Sustaining-Regulation-building-resiliency.jpSustaining Regulation & Building Resiliency are important parenting tasks . Yet, it is not always easy to accomplish because  our lives not only unfold in the security of our homes, but also against the backdrop of the world at large. The world feels more unsettled and dysregulated than ever, doesn’t it? Sadly, much of the stress and concern about world events, national politics, and the multiple challenges of daily life can easily overflow into our family lives. Even though our family relationships are our most important, often they feel the brunt of our frustrated, overstressed selves.

Our partners, family members, and co-workers are also buckling under the weight of similar pressures. That’s not a match made in heaven. Just the opposite, it is a pairing that demands our alert selves, our fullest commitment, and our strongest intentionality. Yes, friends and family will generally forgive our snark, inattention, and our blow ups. That is, if they are the exception, and not the norm. And if we make the necessary attempts to acknowledge and repair.

Pause for a moment and consider this question: If you exchanged places with your children or partner, how would you rate the health of your relationship? See it through theirs eye and feelings. Would you feel connected, nurtured, safe, seen, loved, and feel generally content? Use the answer to that question to guide you in making any adjustments. What will you do less? What will you do more often? What will you stop doing? What will you start doing?

Now, shift your focus and ask those same questions about how you are in relationship with yourself. Take note of how consistently you are able to stay regulated and in your thinking brain. Why is this so vital?

Because one of the best things we can give our children is our presence — to be attentive, regulated parents. In her book, “Regulation and Co-Regulation,” Ginger Healy, MSW, LCSW, writes, “Just like any other skill, emotional regulation has to be modeled and taught, and that is what we are doing when, as adults, we co-regulate with children.”  Robyn Gobbel, MSW a therapist but with a focus on neuroscience reminds us  in her new book, “Raising Kids with Big Baffling Behaviors  that  “Regulated, connected parents who feel safe, parent well.” And isn’t that what we all want to do. parent well?

By the way, it’s important to keep some perspective here too. Healy also wrote, “ You don’t have to set yourself on fire to keep others warm.” Remember to meet your own needs. Otherwise, self-regulation will remain elusive. And, of course, we can’t share what we don’t have, right?

Now that we’ve established the need to have self-regulation, how can it serve our children?  (Lori Petro, Teach through Love) Lori created a meme that read: “If we want self-regulated children, we have to consistently and repeatedly show them what that looks like.”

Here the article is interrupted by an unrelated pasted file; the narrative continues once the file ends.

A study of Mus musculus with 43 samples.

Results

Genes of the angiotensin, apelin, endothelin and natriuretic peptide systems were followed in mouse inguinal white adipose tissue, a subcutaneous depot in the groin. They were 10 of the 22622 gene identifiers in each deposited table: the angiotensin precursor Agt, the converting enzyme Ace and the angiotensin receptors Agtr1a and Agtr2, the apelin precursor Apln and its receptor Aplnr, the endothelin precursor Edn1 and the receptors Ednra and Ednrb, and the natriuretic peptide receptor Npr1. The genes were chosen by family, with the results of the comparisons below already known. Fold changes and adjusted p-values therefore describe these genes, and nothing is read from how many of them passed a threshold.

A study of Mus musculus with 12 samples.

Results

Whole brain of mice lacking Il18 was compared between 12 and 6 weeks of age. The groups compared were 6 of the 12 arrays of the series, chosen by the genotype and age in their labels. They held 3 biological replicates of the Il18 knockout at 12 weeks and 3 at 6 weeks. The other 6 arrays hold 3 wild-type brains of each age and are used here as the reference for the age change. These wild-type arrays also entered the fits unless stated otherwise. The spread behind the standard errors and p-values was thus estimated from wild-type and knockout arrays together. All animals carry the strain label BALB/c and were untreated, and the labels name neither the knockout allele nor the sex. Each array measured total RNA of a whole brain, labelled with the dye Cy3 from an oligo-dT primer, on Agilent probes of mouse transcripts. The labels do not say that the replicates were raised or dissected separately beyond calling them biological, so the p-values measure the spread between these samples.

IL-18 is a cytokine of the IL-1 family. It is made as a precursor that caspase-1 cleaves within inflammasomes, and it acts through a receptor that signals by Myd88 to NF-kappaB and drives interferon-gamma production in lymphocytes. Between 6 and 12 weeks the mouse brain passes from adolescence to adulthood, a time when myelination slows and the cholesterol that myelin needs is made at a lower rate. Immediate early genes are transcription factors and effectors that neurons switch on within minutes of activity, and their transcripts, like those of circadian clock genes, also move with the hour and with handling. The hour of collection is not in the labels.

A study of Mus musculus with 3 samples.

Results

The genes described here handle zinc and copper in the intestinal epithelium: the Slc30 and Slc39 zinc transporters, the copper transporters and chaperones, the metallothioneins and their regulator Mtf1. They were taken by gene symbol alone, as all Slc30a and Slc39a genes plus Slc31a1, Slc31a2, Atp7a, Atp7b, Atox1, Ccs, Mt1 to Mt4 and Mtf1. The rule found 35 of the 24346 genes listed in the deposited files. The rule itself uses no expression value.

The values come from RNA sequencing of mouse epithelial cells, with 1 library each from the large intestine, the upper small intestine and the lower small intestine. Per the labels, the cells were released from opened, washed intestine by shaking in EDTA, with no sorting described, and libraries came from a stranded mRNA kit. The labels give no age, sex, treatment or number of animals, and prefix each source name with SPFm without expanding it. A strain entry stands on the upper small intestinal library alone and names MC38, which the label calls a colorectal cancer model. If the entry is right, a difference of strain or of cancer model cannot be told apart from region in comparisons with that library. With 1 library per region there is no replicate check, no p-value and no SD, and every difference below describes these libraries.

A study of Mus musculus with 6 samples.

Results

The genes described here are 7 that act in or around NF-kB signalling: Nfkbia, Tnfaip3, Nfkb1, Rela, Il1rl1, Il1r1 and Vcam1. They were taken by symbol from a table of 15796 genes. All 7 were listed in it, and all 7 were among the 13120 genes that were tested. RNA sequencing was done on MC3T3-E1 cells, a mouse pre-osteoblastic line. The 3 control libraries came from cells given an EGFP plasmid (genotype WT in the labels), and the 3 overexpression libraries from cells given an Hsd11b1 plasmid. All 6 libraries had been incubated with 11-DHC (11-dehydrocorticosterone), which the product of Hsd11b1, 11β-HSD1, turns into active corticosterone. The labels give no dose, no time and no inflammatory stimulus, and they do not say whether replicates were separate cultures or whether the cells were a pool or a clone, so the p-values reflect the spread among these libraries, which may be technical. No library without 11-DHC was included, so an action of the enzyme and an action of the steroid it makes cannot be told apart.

This is the point. We must set the example. We must draw from our own regulation to help nurture our children’s emerging ability to self-regulate. And, when they do get dysregulated—of course they will! After all they are kids not mini-adults—they need to be able to draw on our regulation to reset themselves.

And this is the benefit: our regulation soothes their dysregulation and build resiliency. We all feel better. More connected. More validated. And strengthened for the journey that is life.

So, just how can we accomplish this task? First, to whatever extent possible, reduce exposure to the sources of your stress. For, example, avoid checking the news several times a day. Of course, stay informed, however don’t immerse yourself in the disheartening news cycle. Learn what you need to know and then click off. Use your awareness to find ways to take some action—even something small. By being part of the solution effort you will help reduce your sense of helplessness.

Ideally, minimize young children’s exposure to the chaos, e.g., talk about current events as a family so you can provide them context and age-appropriate detail. While it might be tempting to sustain a news black-out, kids will likely hear about news events from other children or other adults. That’s why they need your parental perspectives. You can give them balance, allay their fears, and nurture a sense of hope.

Part of the way we share our regulation is by building rapport with our kids. This occurs when we are in synch with one another. Sometimes it happens intuitively. Sometimes we can intentionally strive to create rapport. Enjoy this charming video of a dad intentionally creating a rapport connection with his baby daughter. Rapport video

I will leave you with two final questions:

  • What can you do today to create a moment of rapport with each member of your family today?
  • If the opportunity to make a relationship repair occurs today, what will you do to take advantage of it?